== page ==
AUTHENTICATION: OneButtonPin generates haptic vibrations that only the device user can detect
Researchers at the University of Waterloo in Canada and the Rochester Institute of Technology in the USA have developed a system that enables blind and visually impaired people to securely access their mobile device by responding to a series of haptic vibrations.
The vibration-based authentication system — known as OneButtonPIN — allows users to enter their PIN by holding down “a single large button” on their screen to generate a series of vibrations on their device that they then count, releasing the button each time the number of vibrations is the same as the number in their PIN that they wish to enter.
“People with BLV [blind and low vision] frequently express frustrations with existing authentication methods such as drawing patterns, fingerprint and face scans, and PIN codes. Some methods are difficult to use effectively without visual data. Others are vulnerable to privacy attacks,” the researchers say.
“OneButtonPIN addresses these security issues by using haptic vibrations imperceptible to outsiders.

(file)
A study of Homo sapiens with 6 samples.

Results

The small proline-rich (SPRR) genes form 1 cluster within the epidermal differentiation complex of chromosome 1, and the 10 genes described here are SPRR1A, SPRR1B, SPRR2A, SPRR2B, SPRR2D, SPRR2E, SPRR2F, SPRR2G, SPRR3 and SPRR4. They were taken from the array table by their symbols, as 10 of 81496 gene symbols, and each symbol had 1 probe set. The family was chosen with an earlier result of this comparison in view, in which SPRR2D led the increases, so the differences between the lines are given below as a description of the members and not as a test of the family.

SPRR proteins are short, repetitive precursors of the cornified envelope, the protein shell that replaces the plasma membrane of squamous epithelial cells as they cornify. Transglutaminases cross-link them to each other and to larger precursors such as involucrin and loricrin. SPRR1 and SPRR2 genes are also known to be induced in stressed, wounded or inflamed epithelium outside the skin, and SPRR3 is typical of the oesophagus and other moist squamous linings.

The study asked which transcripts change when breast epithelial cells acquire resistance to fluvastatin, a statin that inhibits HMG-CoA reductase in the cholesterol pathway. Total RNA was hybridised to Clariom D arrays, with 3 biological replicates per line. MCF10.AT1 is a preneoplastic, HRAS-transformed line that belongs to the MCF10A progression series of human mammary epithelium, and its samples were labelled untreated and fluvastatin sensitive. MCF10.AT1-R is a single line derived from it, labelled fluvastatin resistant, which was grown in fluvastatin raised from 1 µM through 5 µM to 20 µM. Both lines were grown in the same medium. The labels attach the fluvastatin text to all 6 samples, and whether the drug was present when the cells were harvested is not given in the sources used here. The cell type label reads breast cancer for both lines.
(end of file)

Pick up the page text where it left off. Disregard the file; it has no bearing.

“When prompted to enter a PIN code, the user presses and holds a large button on their smartphone screen. This activates a series of vibrations separated by pauses; the user counts the number of vibrations corresponding to the number they desire to enter, then releases the button and repeats the process until the desired numbers are entered.
“The method also proved to be incredibly secure. In the second stage of the study, 10 sighted participants watched videos of people using both traditional PIN entry methods and OneButtonPIN, then attempted to guess their PIN codes.
“Every participant was able to successfully guess users’ PINs using traditional methods, but no one could successfully guess code input using OneButtonPIN.”
Researchers develop secure vibration-based authentication for visually impaired users to unlock their mobile device was written by Tom Phillips and published by NFCW.